Eileen Fisher Opens Her First Brooklyn Shop: Making SpaceThe renowned minimalist designer creates a store where she hopes customers will find not only products, but inspiration
If you were to tell all the cool Boerum Hill moms, with their Babyzen Yoyo strollers and rose-gold Birkenstocks, that Eileen Fisher–Queen of All Mom Clothes–was hip to Brooklyn before they were, their jaws would drop into their MilkMade ice cream.
But it’s true: The 68-year-old designer, with her caftan-inspired, mix-and-match minimalist pieces, got her start right here working for the department store Abraham & Straus on Fulton Street.
She eventually segued into interior design, then graphic design and finally fashion, all the while roaming from Japan and New York City before settling down in Irvington, N.Y., where the brand, which she famously started with all of $350 in her bank account, is based. Now, more than three decades later, the Illinois native is finally making a triumphant return to the city’s most populous borough with Making Space, a concept shop opening today at 47 Bergen St., a mere six blocks from her first gig in retail.
“This is not a radical reinvention,” says Fisher, “but simply the fullest expression of who we are, a space for experimentation and creation, for making and remaking, for finding inspiration. Because in creating this space, we’re making space for something new.”
If it all sounds a bit meta, sign up for one of the shop’s Mindful Monday or Friday Night Wine events and it’ll all take shape. Surrounded by the hippest of hip neighbors from Clare V. and Aesop to Warby Parker, the 5,000-sq.-ft. former carriage house is being dubbed an “experience,” according to Mark Goulet, head of Fisher’s brand-experience team.
It’s a first for the 34-year-old label, and while the clothes and their essence do indeed remain the same–from The System, the label’s defining series, to the Renew and Remade lines featuring recycled or reimagined EF pieces–these new surroundings elevate them in a radical, refreshing way.
Upon entering, guests are encouraged to write what they’re “making space” for on cards emblazoned with photos of scissors, tea cups, seeds and more. (Examples on display include everything from the imaginative “the future” to the literal “better clothes.”) Shelves are stacked with Tiffany Dufu’s Drop the Ball book on doing less, as well as kits for doing Japanese-style sashiko embroidery. (Those who can’t sew, have no fear: Stitch-it workshops are on tap and you can bring any ’ole item you want, not just Eileen Fisher products.)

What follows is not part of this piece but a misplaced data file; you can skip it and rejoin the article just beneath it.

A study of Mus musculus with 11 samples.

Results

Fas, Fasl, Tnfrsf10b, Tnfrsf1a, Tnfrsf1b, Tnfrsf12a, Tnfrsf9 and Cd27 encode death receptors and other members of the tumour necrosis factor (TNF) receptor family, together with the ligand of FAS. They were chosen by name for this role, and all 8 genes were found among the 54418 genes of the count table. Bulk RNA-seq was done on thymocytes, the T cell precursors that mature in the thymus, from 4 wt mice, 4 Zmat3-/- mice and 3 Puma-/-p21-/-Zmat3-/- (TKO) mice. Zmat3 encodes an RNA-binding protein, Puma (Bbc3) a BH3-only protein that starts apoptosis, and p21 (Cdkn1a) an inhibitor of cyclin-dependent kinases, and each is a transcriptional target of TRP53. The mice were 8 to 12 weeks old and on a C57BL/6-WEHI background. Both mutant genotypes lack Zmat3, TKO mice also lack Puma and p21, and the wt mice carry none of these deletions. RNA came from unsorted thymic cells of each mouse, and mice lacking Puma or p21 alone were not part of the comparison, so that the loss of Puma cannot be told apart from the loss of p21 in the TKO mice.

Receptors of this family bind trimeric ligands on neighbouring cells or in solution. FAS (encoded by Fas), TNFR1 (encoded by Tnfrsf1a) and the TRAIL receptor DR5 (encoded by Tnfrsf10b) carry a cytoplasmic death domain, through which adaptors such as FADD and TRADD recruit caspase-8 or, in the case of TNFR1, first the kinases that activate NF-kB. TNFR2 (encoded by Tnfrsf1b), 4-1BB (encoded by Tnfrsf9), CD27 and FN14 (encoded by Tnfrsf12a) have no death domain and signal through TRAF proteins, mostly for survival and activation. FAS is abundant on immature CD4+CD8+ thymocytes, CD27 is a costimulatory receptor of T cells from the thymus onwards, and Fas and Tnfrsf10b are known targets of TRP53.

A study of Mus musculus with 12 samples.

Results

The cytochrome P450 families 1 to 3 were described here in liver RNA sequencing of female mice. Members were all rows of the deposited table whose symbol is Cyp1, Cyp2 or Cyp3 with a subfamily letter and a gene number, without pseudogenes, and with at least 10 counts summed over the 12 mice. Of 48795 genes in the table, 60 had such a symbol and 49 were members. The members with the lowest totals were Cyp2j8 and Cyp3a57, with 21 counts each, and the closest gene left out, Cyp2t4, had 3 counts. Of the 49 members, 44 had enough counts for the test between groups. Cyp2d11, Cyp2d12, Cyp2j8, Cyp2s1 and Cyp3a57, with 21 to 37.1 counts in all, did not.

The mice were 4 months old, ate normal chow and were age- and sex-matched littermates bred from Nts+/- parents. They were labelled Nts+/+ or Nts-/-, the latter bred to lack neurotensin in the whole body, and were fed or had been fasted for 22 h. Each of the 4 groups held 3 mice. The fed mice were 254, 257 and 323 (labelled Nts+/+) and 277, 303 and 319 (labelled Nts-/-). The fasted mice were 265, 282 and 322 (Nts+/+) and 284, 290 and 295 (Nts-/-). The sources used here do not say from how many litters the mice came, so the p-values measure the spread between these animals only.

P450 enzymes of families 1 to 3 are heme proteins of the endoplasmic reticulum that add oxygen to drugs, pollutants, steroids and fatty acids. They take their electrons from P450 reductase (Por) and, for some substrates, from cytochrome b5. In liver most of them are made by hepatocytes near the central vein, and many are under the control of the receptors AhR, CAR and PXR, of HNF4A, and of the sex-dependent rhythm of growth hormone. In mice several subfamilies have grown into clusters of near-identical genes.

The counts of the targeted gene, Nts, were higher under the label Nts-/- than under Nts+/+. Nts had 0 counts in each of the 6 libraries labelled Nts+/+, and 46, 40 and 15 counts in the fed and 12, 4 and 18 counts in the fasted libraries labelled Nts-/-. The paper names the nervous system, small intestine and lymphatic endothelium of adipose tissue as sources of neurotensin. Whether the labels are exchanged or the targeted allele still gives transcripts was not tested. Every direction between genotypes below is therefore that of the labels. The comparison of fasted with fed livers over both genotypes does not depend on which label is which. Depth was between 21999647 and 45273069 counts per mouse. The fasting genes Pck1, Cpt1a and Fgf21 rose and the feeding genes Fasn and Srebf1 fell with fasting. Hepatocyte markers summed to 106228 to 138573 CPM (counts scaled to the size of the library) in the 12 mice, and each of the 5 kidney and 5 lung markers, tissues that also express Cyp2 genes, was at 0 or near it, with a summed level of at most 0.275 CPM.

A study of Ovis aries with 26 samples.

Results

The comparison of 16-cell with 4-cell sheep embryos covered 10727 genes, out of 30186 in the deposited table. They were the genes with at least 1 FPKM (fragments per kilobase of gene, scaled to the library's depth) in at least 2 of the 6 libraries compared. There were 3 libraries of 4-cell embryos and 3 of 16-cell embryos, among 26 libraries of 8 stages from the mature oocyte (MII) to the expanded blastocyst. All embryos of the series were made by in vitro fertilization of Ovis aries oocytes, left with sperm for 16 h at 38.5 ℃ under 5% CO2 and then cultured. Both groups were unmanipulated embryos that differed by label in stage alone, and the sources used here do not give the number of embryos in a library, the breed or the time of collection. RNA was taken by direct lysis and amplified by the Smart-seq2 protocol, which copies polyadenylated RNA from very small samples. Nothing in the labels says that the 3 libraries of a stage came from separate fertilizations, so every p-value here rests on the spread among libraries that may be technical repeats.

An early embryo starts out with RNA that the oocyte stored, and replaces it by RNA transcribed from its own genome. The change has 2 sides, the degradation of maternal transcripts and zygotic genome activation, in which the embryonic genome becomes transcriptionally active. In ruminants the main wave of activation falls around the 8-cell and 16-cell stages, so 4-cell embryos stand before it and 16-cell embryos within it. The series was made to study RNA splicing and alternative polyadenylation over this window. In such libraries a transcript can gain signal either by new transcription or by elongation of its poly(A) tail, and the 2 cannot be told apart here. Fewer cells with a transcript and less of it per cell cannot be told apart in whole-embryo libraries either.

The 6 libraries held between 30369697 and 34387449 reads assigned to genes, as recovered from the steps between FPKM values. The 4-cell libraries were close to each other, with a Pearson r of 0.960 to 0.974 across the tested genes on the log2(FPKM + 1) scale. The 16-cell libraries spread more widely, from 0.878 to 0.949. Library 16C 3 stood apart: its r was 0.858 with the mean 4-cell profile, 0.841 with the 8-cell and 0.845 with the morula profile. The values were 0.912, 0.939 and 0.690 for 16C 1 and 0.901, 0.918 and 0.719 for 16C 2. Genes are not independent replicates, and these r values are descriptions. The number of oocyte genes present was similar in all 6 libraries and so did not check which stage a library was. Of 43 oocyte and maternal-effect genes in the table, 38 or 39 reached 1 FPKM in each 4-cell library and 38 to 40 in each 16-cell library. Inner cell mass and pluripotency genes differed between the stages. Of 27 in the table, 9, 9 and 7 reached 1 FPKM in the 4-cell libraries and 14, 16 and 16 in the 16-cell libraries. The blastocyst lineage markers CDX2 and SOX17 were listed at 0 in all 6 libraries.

“The idea is to prolong your pieces,” says Goulet. “Doesn’t matter whose it is. We’ll show you how to use some [thread] to fix it.”
Each month, there will be additional knowledge to soak up in the naturally lit, front-window section, where rotating artists in residence will spend store hours creating and educating visitors on their craft. Up first is Gowanus-based Cara Marie Piazza, who works with flower and food waste to make textiles.
It’s a natural choice, considering Fisher’s passion for sustainability, which the new location highlights via decor such as translucent chairs made of eyeglass frames from artist Kim Markel and a sculpture composed of worn Eileen Fisher items constructed by Brooklyn’s Derick Melander. His multi-dimensional piece, which took weeks to compose, features a blue-to-gray gradient of clothing stacked in such a way that promises to be hashtag-worthy.
“You’re looking at hundreds of [Eileen Fisher items] people have worn and all the experiences they’ve had in those clothes,” says Goulet, who had wanted to commission the artist for quite some time. “His work is emotional.” Nearby, a video plays on a loop showing Melander’s process. Eventually, both will be subbed out for something new.
Various elements will always remain, though, such as the carefully curated Eileen Fisher lines (labeled with color-coded discs on the top of the hangers) and small, thoughtful touches that focus on community needs, like children’s books and hand puppets left out to entertain kids while mom tries on clothes or takes a breather on the back patio.
“We wanted this space to be where you can have a variety of experiences,” Fisher told The Bridge. “You can come to shop our product, you can come to learn about sustainability efforts, you can come simply to take a moment, enjoy a cup of tea and sit.”
It’s a one-stop shop from a brand ahead of its time–yet still very much in its prime.